Easyjet B737-700 economy class

CHECK-IN I arrived at London Luton at 0520 for my 0640 flight to Faro. As I was putting a bag in the hold, I couldn’t check in online so made my way to desks 50-51, which were set aside for Faro and two other European destinations. There was one queue for the two desks, which was about 20-strong, and it took 15 minutes to clear. I proceeded to security which was reasonably busy but well organised – I was airside by 0545.

BOARDING After a quick bite to eat, I saw on a screen in the departure lounge that my flight had been called. I took the five-minute walk to Gate 17, situated at the bottom of a flight of steps, and a queue was snaking back up the stairs when I got there. (I hadn’t booked priority boarding, but if I had, I don’t know how I would have got past the crowds of people on the stairs to take advantage of it.) The queue moved quickly and I was in my seat by 0620 – you could board the plane from the front or back. We started taxiing at 0640 and were airborne at 0650, ten minutes behind schedule.

THE SEAT The one-class aircraft had 25 rows configured 3-3 (ABC-DEF) – for the seat plan click here. I took seat 15E – the flight was about half full and some people took advantage by lifting up the armrests between seats and stretching out for a snooze. The seat was upholstered in grey fabric with an orange pattern and grey plastic armrests, and reclined via a button in the armrest. There was a magazine rack and a fold-down table in the seat in front. Considering this was a no-frills offering, I thought the legroom was pretty reasonable.

WHICH SEAT TO CHOOSE? Row 12 was an emergency exit row and seats DEF had the most legroom. There is no 12A, so 13A is also a good seat to plump for. There are galleys at either end of the aircraft and the drinks service begins simultaneously from the front and back, so people in the middle have to wait the longest.

THE FLIGHT Drinks and snacks were served 15 minutes after take-off, with a list of what was on offer in the “Bistro and Boutique” magazine in the rack in front. The selection included a ham and cheese melt (£3), a bag of cashew nuts (£1.50), a Kenco coffee (£2) and a can of Stella Artois lager (£3.50). The short flight zipped by and we landed at 0925, ten minutes ahead of schedule.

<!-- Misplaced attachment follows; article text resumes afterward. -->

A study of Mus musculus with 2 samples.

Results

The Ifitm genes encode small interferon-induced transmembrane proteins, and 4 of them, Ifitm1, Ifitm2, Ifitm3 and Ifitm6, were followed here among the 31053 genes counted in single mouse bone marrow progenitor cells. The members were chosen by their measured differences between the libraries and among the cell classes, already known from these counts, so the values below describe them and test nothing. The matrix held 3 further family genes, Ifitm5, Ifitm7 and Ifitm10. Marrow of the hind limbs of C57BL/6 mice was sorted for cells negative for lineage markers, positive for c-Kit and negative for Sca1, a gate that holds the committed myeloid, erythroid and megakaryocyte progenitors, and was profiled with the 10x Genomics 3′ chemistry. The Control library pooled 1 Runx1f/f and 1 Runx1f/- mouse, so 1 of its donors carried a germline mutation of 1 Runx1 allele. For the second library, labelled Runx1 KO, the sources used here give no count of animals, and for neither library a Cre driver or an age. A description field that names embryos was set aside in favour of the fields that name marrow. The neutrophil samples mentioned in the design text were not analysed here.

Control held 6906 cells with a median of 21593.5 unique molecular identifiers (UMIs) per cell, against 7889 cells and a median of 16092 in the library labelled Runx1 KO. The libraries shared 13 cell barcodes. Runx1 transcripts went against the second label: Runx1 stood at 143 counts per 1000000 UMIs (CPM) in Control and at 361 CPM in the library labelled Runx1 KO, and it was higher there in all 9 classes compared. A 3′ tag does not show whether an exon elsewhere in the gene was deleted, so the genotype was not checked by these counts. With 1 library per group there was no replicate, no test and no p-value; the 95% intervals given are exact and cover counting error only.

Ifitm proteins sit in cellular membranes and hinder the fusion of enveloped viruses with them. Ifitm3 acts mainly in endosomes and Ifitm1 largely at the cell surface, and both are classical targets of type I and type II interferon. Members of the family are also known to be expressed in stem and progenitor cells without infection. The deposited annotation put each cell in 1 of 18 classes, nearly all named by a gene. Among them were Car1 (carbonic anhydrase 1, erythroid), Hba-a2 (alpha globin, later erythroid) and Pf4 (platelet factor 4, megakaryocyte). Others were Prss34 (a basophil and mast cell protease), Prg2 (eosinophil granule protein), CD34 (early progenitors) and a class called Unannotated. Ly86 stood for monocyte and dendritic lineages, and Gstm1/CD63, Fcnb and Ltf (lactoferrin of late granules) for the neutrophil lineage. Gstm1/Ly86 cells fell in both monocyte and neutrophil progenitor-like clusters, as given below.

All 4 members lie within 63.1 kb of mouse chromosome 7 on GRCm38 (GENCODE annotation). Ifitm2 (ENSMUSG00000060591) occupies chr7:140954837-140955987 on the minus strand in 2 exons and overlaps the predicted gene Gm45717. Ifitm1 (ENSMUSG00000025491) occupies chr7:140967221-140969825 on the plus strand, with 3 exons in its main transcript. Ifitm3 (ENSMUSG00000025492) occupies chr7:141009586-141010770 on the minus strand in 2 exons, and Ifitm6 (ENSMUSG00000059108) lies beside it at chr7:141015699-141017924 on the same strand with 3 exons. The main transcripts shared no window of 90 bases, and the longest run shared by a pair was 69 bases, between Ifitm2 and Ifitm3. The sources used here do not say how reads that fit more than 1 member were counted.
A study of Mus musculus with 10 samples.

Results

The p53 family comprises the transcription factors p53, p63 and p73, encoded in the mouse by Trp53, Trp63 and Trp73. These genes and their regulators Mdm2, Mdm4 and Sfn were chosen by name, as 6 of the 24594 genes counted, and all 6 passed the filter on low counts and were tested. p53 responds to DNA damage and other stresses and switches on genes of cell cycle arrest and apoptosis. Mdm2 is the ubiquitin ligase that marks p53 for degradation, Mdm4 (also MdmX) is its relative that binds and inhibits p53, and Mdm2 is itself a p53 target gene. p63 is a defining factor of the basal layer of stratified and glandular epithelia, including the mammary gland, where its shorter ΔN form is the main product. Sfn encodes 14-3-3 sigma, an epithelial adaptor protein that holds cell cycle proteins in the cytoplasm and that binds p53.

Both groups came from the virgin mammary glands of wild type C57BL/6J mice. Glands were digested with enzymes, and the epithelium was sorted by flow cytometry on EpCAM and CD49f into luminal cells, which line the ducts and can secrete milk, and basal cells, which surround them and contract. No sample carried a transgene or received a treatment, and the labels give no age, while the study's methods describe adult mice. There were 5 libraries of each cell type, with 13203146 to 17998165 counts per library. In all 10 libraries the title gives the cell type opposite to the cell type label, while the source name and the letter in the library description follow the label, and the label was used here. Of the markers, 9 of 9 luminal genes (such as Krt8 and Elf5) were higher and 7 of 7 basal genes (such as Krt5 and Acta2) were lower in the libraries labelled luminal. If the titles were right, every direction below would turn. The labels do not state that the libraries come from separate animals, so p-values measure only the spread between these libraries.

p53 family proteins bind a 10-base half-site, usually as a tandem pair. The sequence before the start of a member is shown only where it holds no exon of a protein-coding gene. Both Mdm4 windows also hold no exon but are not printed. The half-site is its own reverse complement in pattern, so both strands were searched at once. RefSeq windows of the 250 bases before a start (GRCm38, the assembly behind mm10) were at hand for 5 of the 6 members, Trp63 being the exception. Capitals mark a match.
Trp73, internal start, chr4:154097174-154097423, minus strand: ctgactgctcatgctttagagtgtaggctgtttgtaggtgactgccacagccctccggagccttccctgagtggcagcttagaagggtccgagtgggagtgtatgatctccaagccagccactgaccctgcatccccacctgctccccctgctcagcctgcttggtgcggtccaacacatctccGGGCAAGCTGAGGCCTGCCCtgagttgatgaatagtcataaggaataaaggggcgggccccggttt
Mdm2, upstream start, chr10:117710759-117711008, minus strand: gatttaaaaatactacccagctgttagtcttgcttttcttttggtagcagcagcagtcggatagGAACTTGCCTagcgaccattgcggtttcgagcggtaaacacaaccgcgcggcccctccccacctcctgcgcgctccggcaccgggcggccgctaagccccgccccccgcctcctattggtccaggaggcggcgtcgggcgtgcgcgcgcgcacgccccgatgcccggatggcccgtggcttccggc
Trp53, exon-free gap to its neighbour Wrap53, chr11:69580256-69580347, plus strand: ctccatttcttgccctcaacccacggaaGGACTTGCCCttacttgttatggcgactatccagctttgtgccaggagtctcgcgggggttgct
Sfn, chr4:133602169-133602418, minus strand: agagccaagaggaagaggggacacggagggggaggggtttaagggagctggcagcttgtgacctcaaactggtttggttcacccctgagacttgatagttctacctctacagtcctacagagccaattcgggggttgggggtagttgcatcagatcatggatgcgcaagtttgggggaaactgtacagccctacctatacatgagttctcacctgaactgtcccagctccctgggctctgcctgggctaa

ARRIVAL We were quickly off the aircraft but then faced a lengthy immigration queue at Faro which took 15 minutes to get through (according to a board on display, the average is 10 minutes). My bag was waiting for me on the other side.

VERDICT A decent and reliable budget offering that was perfectly fine for a short-haul flight.

PRICE A return flight from Luton to Faro in September started from £86 online (speedy boarding costs a further £14).

CONTACT easyjet.com

Michelle Mannion



    It would be even better if BT reviewers abstained from eating in the terminal and were able to assess the quality of the food offering on board, though I appreciate at this early hour the need for breakfast rather trumps other considerations.

    Having flown Easyjet for the first time this year on a leisure trip to Bilbao, from Stansted STN, I was impressed. Was even able to use a Priority Pass lounge in the Stansted boarding Pier. Given Easyjet does not offer lounge access, it is always helpful for reviewers to note any pay-per-use lounges available in the terminal.

    I agree with Michelle Mannion that Speedy Boarding is a bit of a rip-off. It is always a scrum to get to the front, and all it means is that you have to stand near the boarding gate for ages waiting for the first call. My experience was that the Speedy Boarding option was completely ignored in Spain on the return flight.

    Speedy Boarding is especially useless if travelling alone when being next to your companion is irrelevant. As it was, I was able to sit next to my travel companion by boarding by the back stairs and sitting at the back of the aircraft; the urge to sit at the front is ever strong, so these seats seem to fill up first.

    In the middle section of the report, think you might mean “airborne” rather than “airbound” – the only reference I can find to the word “airbound” is a Nike trainer or a Croatian Music Festival.